Green Thai Green Curry Chicken Soup

Wow, so many adjectives for the name of this dish! Carla told me she was craving curry, so I set out on a little recipe hunt. Mike Vrobel over at Dad Cooks Dinner has been a standard source for cooking over the years so I turned there first. He has lots of curry dishes but this Thai green curry chicken recipe looked tasty.

We’ve had some dinners with nice sauces the past few months including Bean Curd with Mushrooms and Oyster Sauce (try it before you dis it), and broccoli beef. When we – used to – go out for Thai or Indian food the curry sauces are substantial; you can pull a spoon through it on the plate and the two separated halves take a few moments to reconnect. That’s what I was aiming for. Unfortunately, this is really more of a soup than a curry. I should have paid closer attention to the picture on the Dad Cooks Dinner post.

This is an Instant Pot recipe with just a bit of prep and 10 minutes of cooking under pressure.

Mike Vrobel recommends a specific brand of curry paste; but I used the brand at my local New Seasons market because I was too busy to make a special trip to the local Ranch 99 Asian market.

Rather than dicing the onion this recipe calls for slicing into thin rings. Less work is good for a weeknight dinner. The most time consuming portion of this recipe was cutting three pounds of boneless, skinless chicken thighs into 2-inch = ½-inch pieces. I don’t normally show pictures of raw chicken because, ugh. But here is everything else prepped.

Thai green curry ingredients
Thai green curry ingredients

If you decide to make this, you do not have to pour each ingredient into separate bowls; rather, you can just toss them in when the recipe calls for it.

The first step is to sauté the onion rings, garlic, and ginger in some vegetable oil.

Onion rings, garlic and ginger ready to sauté
Onion rings, garlic and ginger being sautéd

When the onions are soft we add coconut cream and the green curry paste.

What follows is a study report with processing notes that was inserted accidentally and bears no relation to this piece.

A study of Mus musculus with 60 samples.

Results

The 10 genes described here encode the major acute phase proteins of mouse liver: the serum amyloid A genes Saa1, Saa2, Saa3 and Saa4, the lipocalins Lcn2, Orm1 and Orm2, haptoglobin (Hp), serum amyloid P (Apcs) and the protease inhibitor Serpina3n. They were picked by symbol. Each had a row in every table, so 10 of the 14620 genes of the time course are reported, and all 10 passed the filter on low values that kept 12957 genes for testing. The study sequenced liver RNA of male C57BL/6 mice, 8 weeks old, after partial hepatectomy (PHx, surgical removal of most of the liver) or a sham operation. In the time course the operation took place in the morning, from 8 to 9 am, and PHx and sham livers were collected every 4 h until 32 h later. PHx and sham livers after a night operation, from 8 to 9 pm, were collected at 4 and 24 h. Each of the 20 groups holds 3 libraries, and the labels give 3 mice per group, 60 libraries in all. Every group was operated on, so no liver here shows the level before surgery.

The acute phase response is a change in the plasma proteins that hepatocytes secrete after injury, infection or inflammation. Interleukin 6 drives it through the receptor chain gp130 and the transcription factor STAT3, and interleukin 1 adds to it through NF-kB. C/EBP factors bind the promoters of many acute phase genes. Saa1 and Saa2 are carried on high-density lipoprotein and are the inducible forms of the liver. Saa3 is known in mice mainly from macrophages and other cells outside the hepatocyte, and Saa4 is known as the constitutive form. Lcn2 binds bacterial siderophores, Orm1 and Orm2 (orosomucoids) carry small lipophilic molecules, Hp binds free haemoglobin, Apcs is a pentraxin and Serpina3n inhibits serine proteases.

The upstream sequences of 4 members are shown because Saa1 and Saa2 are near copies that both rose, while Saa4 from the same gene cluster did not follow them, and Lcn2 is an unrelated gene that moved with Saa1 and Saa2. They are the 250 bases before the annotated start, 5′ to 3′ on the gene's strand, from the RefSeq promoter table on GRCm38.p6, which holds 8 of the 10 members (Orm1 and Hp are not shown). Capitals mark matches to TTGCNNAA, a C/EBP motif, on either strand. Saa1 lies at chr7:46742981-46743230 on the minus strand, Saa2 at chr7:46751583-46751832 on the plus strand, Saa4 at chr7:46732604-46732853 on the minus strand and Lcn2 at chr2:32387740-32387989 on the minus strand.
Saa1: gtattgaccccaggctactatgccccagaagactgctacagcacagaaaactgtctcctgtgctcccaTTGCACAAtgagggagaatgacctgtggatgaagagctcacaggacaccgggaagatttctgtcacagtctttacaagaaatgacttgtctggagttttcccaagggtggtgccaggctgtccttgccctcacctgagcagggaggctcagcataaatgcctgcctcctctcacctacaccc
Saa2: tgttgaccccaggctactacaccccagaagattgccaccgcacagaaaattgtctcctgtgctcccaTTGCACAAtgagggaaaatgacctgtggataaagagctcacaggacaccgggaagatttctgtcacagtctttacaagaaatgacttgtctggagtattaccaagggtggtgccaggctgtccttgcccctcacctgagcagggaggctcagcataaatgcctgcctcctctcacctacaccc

Green curry paste and coconut cream

One of the things that intrigued me about this recipe was using the separated components of the can of coconut milk. Normally, I extract the separated can components to a large bowl and whisk to combine. Here I just scooped out that cream on top and saved the coconut water underneath for the pressure cooking.

After the paste and coconut cream cook for a bit, we add the chicken, and mix to coat it in the paste/cream mixture. Then add the liquid and flavor punches – soy sauce, fish sauce, and brown sugar.

Liquid and flavor punches for green curry

This dish is not as complicated as it may look. If I wasn’t taking photos to blog about this cook, I would have measured the chicken stock into a measuring cup, but the coconut water was just fine in the can and didn’t need to be poured into a cup. Likewise, I would have just measured the other ingredients and poured them directly into the pressure cooker.

Pressure cook on high for 10 minutes then do a quick release. Taste for flavor and add soy sauce or brown sugar to get it to taste like you want. Because I was using homemade, low, low salt chicken stock, the broth needed a bit more umami flavor so I added another shake of soy sauce.

Finally, toss in the cut green beans and juice from one lime.

Green beans and lime juice to finish the curry

I must say I was a tad disappointed at how watery the “sauce” was. You certainly couldn’t dip a spoon in and have it be coated with sauce upon pulling it out.

Thai green curry chicken soup.

Originally, I envisioned serving this in a pasta bowl next to a portion of Jasmine rice . That wasn’t going to work. So, I served it in a soup bowl with rice on the side.

Dinner is served: Thai green curry chicken soup. Why is there a fork in the picture?

It tasted good but it didn’t scratch our itch for curry. After a spoonful or two of the soup we dumped the rice in so we had chicken and rice soup. Or Thai green curry chicken and rice soup.

I used half the amount of curry paste that Dad Cooks Dinner calls for – at his suggestion – because I didn’t want it fiery hot; we can always add heat while eating, but can’t subtract it. We have a couple of Thai restaurants in town that serve very spicy dishes; one I used to frequent in downtown Portland near Portland State University is known for its spicy dishes. I could barely manage 1-star of heat. Michael Fletcher is the only person I know who could eat the full 5-star spicy version of the dishes. This is the same man who polished off 5 habanero chiles along with the spicy sauce in about 5 minutes at Salvador Molly’s to get his picture on the wall of honor there.

Rating: ★★ This is a nice chicken soup with a bit of pleasant zing from the curry paste. If you are looking for a variation on chicken soup, this is a worthy recipe. But don’t making it thinking you’ll have a thick curry sauce. Out hunt continues.